SARAH LOWERY

Staff Writer

 

The Lincoln County Board of Education is expected to take action during its meeting Tuesday night on school-security measures for the district’s middle and high schools.

The group previously signed off on access control and video surveillance for local elementary schools, which have now been installed.

School administrators are recommending board members also approve the implementation of the swipe-key-pad systems and cameras for all middle and high schools.

The School Board awarded a contract in May for the installation of convenience doors for safety purposes at selected school sites.

The move was part of the board’s security initiative that has been underway for the last several months.

At a cost of $108,600, the doors were to be installed at Catawba Springs, G.E. Massey, Kiser Intermediate, Love Memorial, Pumpkin Center Intermediate, Pumpkin Center, Norris Childers, North Brook and St. James elementary schools.

Also during Tuesday’s meeting, taking place at 6:30 p.m. at the Lincoln County Schools administrative office on North Generals Boulevard in Lincolnton, the group will hear reports on the “Read to Achieve” program and various ITS projects, in addition to an update on the budget. School Board members are also expected to take action on various policies regarding bidding and purchasing requirements.

Graduation rate

Lincoln County Schools released the district’s official graduation rates for 2012-2013 last week, with the local system continuing to remain above the state average.

The North Carolina Department of Public Instruction measures and reports a four-year and five-year cohort graduation rate. The rates assess the percentage of students who graduate either in four or between four and five years, respectively, after entering ninth grade, according to a press release.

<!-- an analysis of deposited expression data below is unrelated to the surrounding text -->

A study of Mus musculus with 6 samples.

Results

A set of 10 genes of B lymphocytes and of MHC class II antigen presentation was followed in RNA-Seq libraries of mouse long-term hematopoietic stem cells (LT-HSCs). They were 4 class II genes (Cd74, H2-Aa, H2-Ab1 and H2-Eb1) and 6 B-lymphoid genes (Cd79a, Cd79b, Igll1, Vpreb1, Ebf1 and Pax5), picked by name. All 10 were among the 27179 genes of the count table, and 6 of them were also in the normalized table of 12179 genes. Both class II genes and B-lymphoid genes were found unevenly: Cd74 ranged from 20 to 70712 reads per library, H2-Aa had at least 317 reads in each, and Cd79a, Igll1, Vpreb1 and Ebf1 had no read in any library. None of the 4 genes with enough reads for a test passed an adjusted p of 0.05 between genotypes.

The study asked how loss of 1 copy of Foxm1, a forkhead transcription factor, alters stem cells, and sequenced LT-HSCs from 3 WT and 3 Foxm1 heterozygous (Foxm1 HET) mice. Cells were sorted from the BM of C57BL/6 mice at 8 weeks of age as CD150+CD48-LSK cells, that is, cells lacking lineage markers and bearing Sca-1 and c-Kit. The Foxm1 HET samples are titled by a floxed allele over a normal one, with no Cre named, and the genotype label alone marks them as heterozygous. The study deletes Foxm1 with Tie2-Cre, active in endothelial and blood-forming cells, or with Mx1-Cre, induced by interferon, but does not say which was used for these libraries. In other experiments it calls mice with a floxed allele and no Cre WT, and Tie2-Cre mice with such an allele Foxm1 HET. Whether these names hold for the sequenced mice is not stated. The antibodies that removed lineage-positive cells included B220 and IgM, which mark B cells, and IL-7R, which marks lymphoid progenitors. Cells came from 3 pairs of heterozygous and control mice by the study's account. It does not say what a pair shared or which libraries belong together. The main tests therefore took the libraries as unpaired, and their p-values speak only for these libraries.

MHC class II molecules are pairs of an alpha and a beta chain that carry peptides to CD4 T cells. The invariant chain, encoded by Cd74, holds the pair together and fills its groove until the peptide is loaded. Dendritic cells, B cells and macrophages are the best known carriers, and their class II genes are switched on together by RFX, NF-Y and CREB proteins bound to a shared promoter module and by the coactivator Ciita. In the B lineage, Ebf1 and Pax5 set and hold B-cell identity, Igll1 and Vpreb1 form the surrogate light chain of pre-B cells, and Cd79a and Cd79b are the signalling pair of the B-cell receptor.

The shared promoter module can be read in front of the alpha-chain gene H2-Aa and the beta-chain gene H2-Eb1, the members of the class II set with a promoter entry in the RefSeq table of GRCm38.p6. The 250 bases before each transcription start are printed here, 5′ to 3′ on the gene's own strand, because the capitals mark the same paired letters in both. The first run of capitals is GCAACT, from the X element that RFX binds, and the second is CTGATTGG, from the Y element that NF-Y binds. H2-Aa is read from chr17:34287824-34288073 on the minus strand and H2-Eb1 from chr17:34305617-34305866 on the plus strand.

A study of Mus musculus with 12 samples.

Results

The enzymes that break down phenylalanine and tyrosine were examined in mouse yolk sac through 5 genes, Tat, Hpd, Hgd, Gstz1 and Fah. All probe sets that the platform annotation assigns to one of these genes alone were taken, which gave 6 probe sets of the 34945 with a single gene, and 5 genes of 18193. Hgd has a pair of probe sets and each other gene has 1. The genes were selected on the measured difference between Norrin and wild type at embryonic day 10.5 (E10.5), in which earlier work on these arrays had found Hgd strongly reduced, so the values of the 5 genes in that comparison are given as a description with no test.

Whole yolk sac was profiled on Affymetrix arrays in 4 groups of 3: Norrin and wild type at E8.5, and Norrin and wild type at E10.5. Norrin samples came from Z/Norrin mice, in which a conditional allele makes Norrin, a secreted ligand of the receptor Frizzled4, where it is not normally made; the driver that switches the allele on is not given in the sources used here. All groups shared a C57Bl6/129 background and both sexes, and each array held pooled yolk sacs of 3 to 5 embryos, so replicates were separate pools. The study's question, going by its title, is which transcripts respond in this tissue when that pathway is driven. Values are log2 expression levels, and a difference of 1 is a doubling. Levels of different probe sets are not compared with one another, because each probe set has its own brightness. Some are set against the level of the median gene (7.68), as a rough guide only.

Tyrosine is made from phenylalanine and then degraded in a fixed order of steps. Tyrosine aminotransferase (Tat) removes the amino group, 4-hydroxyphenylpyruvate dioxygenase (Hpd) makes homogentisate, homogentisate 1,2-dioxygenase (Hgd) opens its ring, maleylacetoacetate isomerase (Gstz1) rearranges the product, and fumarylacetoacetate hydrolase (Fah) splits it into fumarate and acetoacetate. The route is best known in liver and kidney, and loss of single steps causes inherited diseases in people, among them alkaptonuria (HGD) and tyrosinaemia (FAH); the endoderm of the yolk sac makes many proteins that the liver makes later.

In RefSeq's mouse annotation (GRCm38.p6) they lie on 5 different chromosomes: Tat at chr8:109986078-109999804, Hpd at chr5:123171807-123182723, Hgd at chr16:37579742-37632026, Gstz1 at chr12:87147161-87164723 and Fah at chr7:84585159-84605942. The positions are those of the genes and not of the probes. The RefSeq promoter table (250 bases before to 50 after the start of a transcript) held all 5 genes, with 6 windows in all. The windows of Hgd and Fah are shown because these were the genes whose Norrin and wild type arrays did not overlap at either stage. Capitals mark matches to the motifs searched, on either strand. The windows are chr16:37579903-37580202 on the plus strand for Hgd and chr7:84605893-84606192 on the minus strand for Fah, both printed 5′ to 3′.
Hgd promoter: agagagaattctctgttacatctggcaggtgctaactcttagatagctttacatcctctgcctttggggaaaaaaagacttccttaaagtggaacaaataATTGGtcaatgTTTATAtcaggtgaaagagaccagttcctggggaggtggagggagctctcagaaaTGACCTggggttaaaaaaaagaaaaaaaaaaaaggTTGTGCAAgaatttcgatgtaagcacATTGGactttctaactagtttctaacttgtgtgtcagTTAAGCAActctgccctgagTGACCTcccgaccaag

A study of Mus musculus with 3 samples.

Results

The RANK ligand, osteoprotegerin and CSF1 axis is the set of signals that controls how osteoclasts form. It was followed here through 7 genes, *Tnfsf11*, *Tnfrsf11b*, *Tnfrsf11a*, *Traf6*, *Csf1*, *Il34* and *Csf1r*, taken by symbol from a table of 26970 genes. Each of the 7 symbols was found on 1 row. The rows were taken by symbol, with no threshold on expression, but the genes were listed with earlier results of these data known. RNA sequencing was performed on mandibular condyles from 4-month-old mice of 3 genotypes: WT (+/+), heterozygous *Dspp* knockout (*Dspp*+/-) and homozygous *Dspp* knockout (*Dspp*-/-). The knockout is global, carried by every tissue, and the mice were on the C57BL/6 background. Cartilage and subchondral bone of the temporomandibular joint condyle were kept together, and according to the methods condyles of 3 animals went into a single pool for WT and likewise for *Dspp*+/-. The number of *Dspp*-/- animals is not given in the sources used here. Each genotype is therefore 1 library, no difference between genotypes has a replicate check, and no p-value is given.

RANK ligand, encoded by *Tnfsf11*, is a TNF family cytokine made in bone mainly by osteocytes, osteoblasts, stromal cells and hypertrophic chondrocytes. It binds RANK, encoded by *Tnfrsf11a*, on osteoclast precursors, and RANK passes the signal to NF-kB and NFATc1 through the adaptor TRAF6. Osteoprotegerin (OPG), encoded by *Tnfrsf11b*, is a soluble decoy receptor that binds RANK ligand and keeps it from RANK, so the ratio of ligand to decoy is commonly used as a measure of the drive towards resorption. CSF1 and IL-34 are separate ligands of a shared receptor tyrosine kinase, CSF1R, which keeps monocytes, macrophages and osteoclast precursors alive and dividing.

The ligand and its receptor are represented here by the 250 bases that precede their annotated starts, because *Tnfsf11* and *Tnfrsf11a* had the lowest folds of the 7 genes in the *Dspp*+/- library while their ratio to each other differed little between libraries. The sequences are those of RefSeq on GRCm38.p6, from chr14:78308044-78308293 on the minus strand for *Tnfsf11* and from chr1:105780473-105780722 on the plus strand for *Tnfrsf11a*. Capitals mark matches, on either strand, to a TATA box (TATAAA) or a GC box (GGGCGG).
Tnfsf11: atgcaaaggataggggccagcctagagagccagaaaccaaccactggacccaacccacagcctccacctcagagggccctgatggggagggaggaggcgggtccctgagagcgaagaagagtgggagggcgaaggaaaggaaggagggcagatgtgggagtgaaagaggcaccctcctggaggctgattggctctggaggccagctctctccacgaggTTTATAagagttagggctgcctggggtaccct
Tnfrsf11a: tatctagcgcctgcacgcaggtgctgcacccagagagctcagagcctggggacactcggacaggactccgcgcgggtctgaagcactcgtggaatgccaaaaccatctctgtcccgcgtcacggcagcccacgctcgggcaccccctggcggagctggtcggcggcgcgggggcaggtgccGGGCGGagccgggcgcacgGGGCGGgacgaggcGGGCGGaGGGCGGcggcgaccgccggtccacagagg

The following data was reported for Lincoln County Schools:

  • The four-year graduation rate remained stable at 86.4 percent in 2011-2012 and 86.4 percent in 2012-2013.
  • The four-year cohort graduation rate (86.4 percent) was higher than the state rate of 82.5 percent.
  • The five-year cohort graduation rate increased from 83.4 percent in 2011-2012 to 87.9 percent in 2012-2013.
  • The five-year rate (87.9 percent) for 2012-2013 was also higher than the state rate of 83.1 percent.

 

Likewise, Lincoln County Schools has seen its graduation rate steadily rise since 2007, while maintaining the rate achieved from last year’s gains, the release noted.

“While we recognize that our current graduation rate has remained constant at 86.4 percent, we continue to be committed to every student becoming a high school graduate,” Superintendent Dr. Sherry Hoyle said in a statement. “Improving the graduation rate is a focus of the district, as reflected in our strategic plan. Some of our strategies include counseling by graduation coaches, additional instructional support, credit-recovery opportunities and guidance and academic counseling through student advisor/advisee programs.”